February 6, 2013
The sky was such a vibrant clear blue today. It reflected off the shop windows and into our eyes, and it warmed our backs on the way to the Benaki Museum to meet Ioanna, our Professor. We remarked on the cloud-less sky and how it livened us up, and the world around us. At the museum, Ioanna mentioned that this grand building had once been a home, but with such rich architecture and vast expanses of marble, that was quite hard to believe. As we meandered through the building, Ioanna explained that the museum’s artifacts were arranged in chronological order, oldest to newest. In each room there were many objects to look at, such as ancient vases and pots, exquisite jewelry, lavish clothing, and many paintings.
In the first few rooms the displays were filled with Pre-history items, mostly there were terra-cotta vases with barely visible designs and stone pendants worn smooth by years of lying untouched.
As we moved into the rooms of the Classical Period, the art styles became more prominent. The pottery had two distinct styles, black figures and red figures. Black figures were scenes with red backgrounds and black subjects (people); red figures came later and were a much more advanced style, with black backgrounds and red people. All the art, and especially the pottery had so many tiny and delicate details. The artists must have been extremely skilled – able to render their work with immense precision and talent.
The next rooms were filled with remnants and art from the Byzantine Period, when Greece was Christian-ized. The most beautiful art were the icons, religious pictures of saints. Filled with gold and lavish colors, they drew the eye and evoked such beauty. As we continued to walk we passed rooms filled with gorgeous clothes, the traditional garments of centuries of Greeks. These clothes were influenced by whoever was occupying Greece at that time, the Venetians and the Turks were the most influential, but also the Franks and a few others. These clothes were so extravagant; some were even sewn with threads of gold.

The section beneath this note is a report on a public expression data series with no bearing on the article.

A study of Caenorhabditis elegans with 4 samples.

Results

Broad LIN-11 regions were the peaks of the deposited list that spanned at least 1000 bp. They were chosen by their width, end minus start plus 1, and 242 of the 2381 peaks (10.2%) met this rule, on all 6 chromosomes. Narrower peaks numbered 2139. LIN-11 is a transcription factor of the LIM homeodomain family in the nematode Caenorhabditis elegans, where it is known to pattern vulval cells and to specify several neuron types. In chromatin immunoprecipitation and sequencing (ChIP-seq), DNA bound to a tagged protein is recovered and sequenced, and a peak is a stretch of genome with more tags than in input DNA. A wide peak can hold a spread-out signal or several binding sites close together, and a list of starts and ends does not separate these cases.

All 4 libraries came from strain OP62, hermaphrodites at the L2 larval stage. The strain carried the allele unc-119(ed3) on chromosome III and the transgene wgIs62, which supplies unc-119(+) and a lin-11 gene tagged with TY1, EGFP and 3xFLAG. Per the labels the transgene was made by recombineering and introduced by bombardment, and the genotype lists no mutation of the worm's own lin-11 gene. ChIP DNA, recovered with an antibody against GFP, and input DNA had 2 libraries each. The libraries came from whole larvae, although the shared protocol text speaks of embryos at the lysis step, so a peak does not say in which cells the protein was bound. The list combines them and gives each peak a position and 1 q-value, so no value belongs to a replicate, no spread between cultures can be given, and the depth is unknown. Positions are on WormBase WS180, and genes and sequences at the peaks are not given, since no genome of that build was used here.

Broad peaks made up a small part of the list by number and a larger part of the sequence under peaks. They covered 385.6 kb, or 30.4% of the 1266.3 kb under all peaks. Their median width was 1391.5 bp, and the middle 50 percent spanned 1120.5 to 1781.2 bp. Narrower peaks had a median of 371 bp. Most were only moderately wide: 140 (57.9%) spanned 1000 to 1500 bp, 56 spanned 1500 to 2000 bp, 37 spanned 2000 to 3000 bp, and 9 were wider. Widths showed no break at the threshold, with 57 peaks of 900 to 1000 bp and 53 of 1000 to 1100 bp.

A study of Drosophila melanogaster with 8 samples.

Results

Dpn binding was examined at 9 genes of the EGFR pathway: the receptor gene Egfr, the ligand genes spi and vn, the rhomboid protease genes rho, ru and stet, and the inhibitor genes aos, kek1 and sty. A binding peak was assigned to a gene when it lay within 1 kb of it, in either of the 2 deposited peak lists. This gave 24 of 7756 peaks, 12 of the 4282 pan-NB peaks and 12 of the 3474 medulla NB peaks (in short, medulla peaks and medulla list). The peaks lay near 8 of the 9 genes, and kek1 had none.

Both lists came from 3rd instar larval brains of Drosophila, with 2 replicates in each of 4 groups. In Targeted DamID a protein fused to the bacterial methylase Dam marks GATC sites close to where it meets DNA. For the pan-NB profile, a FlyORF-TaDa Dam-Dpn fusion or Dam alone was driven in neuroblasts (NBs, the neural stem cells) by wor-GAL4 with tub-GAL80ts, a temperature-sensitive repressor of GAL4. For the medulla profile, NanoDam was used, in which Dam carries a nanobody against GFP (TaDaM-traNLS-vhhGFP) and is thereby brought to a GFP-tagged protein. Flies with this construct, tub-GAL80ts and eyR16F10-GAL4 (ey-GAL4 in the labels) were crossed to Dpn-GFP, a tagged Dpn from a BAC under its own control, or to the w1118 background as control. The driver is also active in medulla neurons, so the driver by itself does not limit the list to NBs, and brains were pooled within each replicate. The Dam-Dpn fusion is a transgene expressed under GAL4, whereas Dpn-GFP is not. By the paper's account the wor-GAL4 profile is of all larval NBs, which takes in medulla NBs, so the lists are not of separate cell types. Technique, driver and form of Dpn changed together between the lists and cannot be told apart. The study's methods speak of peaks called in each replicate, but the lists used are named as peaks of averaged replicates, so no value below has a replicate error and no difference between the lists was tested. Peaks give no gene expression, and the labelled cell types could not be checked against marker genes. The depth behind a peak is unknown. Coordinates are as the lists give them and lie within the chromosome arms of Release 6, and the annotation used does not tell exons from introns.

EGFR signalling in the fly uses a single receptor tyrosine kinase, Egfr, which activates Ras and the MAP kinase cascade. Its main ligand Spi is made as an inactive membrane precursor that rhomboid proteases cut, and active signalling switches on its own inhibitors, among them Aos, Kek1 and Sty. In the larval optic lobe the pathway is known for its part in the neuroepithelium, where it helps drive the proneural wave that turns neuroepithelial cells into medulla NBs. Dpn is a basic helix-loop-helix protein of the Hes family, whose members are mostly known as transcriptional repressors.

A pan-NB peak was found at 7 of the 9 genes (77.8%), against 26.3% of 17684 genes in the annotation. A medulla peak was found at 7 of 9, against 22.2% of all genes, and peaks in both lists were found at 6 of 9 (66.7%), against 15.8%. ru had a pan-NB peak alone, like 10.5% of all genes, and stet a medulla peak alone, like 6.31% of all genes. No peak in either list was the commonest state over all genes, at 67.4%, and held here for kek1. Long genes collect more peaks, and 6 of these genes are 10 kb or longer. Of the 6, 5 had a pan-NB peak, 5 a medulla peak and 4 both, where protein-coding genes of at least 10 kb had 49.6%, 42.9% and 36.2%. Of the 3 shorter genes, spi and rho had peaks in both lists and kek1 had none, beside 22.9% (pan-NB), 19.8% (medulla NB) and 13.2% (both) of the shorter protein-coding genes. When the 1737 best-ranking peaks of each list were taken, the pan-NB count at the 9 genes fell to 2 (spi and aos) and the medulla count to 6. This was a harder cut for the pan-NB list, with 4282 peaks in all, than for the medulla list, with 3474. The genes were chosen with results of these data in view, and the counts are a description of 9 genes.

The last few rooms were dedicated to the War of Independence. There were various paintings and portraits of important people during Greece’s fight for independence. There was this one beautiful painting of a young girl, it seemed benign enough, but upon closer inspection we saw that she actually had her feet resting on a set of Muslim prayer beads. Ioanna explained that this painting is really quite political; she said it shows how Greece overcame the Ottoman Empire and won their War of Independence. After that we reached the end of our lesson and the end of the museum.
The most fulfilling part of the day was to be back in museums and learning about other country’s histories. But the best part of the day, at least short-term, was going back outside into the dazzlingly bright day.